Lavoisier considered that it was in founding the new chemistry that he gave his measure and history has largely ratified his self-estimate, according him the leading role that Isaac Newton played in physics, Charles Darwin in evolutionary biology, Albert Einstein in relativity, and Niels Bohr in quantum mechanics. All were prime movers in transformations of a scope that, as if anticipating political events, Lavoisier called a revolution in his science. This revolution includes the replacement of phlogiston by oxygen in the theory of combustion, the adoption of the systematic nomenclature in use ever since, the dependence on the principle of conservation of matter, the rigorously quantitative mode of analysis. Due weight must be given to the importance of his study of respiration both for physiology and for the early history of organic chemistry. But science is always a collective enterprise, and the parts of others, of predecessors, associates, and opponents, must be explained; here we have the whole cast, French, British, and European, and not merely the protagonist, the_ultimately tragic protagonist. Putting matters in perspective does not entail any belittling of Lavoisier's stature nor any subordination of the content of his science to the social and political context. Still, the overall story of the chemical revolution is familiar, and it is mainly in the account of Lavoisier's further concerns that new ground can be explored. Beyond the mere facts of his having been a partner in the Tax Farm, an administrator of the Gunpowder Service, and a model farmer, little has been known of how Lavoisier actually spent his days. As a rule, chemistry occupied only the hours before breakfast and in the evenings.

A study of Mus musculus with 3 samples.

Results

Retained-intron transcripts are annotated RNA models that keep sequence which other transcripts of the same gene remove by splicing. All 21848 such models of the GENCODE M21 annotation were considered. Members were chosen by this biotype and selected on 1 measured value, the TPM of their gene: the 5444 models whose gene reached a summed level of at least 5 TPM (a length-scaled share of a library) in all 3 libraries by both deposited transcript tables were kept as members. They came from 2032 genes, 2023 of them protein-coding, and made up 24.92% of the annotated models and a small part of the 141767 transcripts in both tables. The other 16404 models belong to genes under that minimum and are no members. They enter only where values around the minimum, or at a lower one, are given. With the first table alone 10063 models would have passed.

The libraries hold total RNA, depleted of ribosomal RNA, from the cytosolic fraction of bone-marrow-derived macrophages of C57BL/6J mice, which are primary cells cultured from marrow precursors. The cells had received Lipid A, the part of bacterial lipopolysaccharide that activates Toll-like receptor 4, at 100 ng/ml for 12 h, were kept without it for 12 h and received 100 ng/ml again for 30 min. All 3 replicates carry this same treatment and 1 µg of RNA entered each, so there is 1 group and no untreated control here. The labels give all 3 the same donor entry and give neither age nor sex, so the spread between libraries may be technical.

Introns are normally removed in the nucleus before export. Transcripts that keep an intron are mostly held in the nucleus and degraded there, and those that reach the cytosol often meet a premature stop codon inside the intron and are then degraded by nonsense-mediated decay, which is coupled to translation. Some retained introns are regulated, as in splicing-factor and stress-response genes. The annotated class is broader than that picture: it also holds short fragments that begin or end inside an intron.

For the rest, his life was that of a financier, economist, and liberal administrator, a "grand commis d'état." (See Jean-Pierre Poirier. Lavoisier Chemist, Biologist, Economist, Philadelphia: Pennsylvania University Press, 1996). No mere investor in the Tax Farm, Lavoisier had direct responsibility for specific operations and for setting broad policy. Its practices, if not formally corrupt, do appear invidious enough to make the odium it incurred inevitable. Lavoisier's participation was both effective in general and self-serving in particular. Money was greatly important to him, as it is to many wealthy people, and finance a realm in which he made himself as expert as he did in science.
Lavoisiers biography is economic history no less than history of science. In 1788 Lavoisier became chairman of the board of the Discount Bank, founded by Turgot in 1776, and forerunner of the Banque de France. His responsibilities there, together with agricultural experimentation on his own farm and a program of general agrarian reform developed in company with Pierre-Samuel Dupont de Nemours, led him into broad study of the measure of national wealth and productivity. Indeed, his involvement in the Revolution itself was as much that of financier and economist as of scientist. He served as a consultant on finance to the National Assembly in 1790-91 and a commissioner of the Treasury from April 1791 until February 1792. Lavoisier's success in administering the service, and his failure to persuade the Assembly to adopt sound fiscal policy, offer an instructive instance of the interplay of expertise with politics in revolutionary circumstance. He was very bad at politics: "This piece of writing will be as cool as reason," he wrote in the preamble to his estimate of the state of national finances in January 1792, a season of intense political heat.
In everything he did, his method was that of the balance sheet, carried over from quantitative chemical analysis wherein nothing is lost and the weight of the products of a reaction must equal the weight of the reagents. Even so, in the refining of crude saltpetre for the munitions industry, in the balancing of the cost of seed, manure, land, and labor against the value of agricultural produce, in the collection of taxes and transmission of the proceeds to the Crown, in overseeing the proportion of reserves to notes issued by the Discount Bank, in the double entry bookkeeping required of Treasury clerks, in his estimates of national wealth in all these enterprises, meticulous attention to fact and rigorous control over quantity were the conditions of success. In prison awaiting trial and execution, he labored over his own accounts and over the final accounting of the Tax Farm. As Charles C. Gillispie once wrote, "the spirit of accountancy raised to genius, there is the hallmark of Lavoisier."